Veteran shows the way forward for PR agencies
The changing landscape in media channels has given public relations agencies that are strategy-oriented an additional premium in partnering with their clients, according to public relations guru Hasan Basar, managing director of Bangkok Public Relations who has 35 years of experience in this service industry.
Trusted media will be in greater demand by consumers in the future with the increasingly blurred lines between real and fake news, especially in social media, he said, noting also that PR consultants need to layer on top of their public relations skills the ability to understand the real business dynamics of their clients.
Basar said that he co-established the consultancy in 1995, only two years before Thailand sank into a financial crisis that quickly spread throughout the region.
“In a way, we were fortunate to be hit by the crisis so early in the company’s life. It forced us to set up a business system and structure that is very flexible and lean, and an organisation that is flat and focused on quality,” he said. “These are all the things essential for survival today, some 25 years later, and they helped us weather the multiple political and natural crises that we all suffered, especially in the last ten years.”
Basar said that every staff member at Bangkok PR has cross-functional capability, from decision making, to execution and consultancy services.
“Our flat organisation keeps our staff numbers low, helping us work better and faster,” he noted, adding that in today’s business environment, quality and speed is critical to success.
“From the beginning, we were committed to working for a limited number of clients, doing a lot for them, and staying with them a long-time. We’ve served some clients for 25 and 22 years. It allows us to emphasise higher-end services such as strategy and the execution of plans that require sensitivity and good judgment,” Basar said, adding that when Bangkok PR first started, it almost exclusively served multinational companies.
Basar said that Bangkok PR currently has around 18 staff, which is similar to 24 years ago when he set up the company. However, the company has posted annual revenue five times higher.
“That has been possible because we’ve moved up the value chain and after 24 years of experience, all our staff are still hands on with clients and share the benefit of that long experience with them on a day-to-day basis and at every level, handling the most challenging tasks. Almost half them have worked with me for 20 years, or more.”
“Our organization culture is ‘boundaryless’, whether between responsibility or seniority,” said Basar, however, noting that confidentiality of client information is as strict as in a legal practice.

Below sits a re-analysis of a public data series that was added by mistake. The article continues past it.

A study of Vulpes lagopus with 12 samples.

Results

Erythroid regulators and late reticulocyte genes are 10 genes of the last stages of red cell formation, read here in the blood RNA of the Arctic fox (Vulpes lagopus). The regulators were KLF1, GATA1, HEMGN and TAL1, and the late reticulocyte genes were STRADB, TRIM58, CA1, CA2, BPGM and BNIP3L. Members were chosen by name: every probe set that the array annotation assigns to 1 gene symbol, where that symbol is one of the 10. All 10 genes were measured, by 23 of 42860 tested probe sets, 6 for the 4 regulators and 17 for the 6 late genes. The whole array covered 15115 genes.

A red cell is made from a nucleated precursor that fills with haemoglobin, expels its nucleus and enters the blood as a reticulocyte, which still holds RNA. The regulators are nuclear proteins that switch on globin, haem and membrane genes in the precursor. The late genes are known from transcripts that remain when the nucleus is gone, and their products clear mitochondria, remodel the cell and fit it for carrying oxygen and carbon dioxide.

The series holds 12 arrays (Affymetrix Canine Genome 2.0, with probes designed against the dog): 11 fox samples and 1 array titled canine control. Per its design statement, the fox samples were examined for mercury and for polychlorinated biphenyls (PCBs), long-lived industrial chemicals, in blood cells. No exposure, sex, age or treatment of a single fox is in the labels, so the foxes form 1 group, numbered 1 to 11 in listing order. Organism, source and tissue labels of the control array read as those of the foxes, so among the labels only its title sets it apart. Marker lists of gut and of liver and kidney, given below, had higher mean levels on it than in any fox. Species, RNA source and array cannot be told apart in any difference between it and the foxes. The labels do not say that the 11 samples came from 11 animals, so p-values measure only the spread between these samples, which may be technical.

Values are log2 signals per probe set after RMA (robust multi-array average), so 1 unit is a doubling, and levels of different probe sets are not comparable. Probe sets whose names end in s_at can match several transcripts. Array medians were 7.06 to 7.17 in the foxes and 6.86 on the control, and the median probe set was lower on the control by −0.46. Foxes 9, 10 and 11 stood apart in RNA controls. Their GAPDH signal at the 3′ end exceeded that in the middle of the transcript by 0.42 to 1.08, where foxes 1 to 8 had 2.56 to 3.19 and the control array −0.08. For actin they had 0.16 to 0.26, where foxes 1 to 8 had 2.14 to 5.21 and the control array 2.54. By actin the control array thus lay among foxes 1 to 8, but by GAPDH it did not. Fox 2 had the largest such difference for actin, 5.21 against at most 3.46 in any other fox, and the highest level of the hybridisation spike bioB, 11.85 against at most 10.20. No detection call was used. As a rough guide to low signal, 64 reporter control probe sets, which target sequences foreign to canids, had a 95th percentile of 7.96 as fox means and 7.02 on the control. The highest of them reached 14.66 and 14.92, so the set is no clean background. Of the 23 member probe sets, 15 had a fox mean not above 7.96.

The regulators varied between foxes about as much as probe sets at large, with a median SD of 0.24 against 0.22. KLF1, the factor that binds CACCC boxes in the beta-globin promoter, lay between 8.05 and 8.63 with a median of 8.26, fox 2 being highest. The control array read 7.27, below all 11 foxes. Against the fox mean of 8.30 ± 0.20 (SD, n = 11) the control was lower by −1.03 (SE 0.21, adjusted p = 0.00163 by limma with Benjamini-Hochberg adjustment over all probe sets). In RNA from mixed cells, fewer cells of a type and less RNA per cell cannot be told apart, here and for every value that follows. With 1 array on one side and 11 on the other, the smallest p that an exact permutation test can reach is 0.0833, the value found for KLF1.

“When we recruit new staff, we don’t test their public relations knowledge, but rather their ability to think clearly, and analyse and solve problems that have multiple parametres,” said Basar.
“Our staff retention is built on taking care of our people emotionally – fulfilment of important assignments, physically – working in a good, spacious office, and financially. Of course, salary and bonuses are important, but, in the consultancy business, the ability to be exposed to big challenges and to work with experienced people is the best way to learn and increase one’s own capabilities and earning capacity,” he said.
Basar said PR consultancies need to understand media channels, their particular behaviours, mixing and matching their content and their style to suit the particular requirements of each channel, and also still maintaining a relationship of trust with those channels that are moderated, or curated, such as traditional news channels.
“The birth of social media allows consumers access to a huge volume of information, disinformation, and non-information, which we have to accept in the context of ‘enriching’ what traditional media such as television and newspapers provide, through digital and other platforms. Far from weakening traditional media, I personally believe social media has made the trusted editor a far more important player,” he said.
Companies serving only as brokers for accessing media will decline as a service, while the ability to correctly anticipate public mood as well as formulate effective messaging will gain in importance.
“At Bangkok PR, we allocate around half of our efforts to the creation of strategic PR plans for our clients and the other half to executing them effectively on their behalf,” said Basar. He said that, today, almost 100 per cent of the company’s clients are Thai firms, which have grown to regional and global scale in their public relations.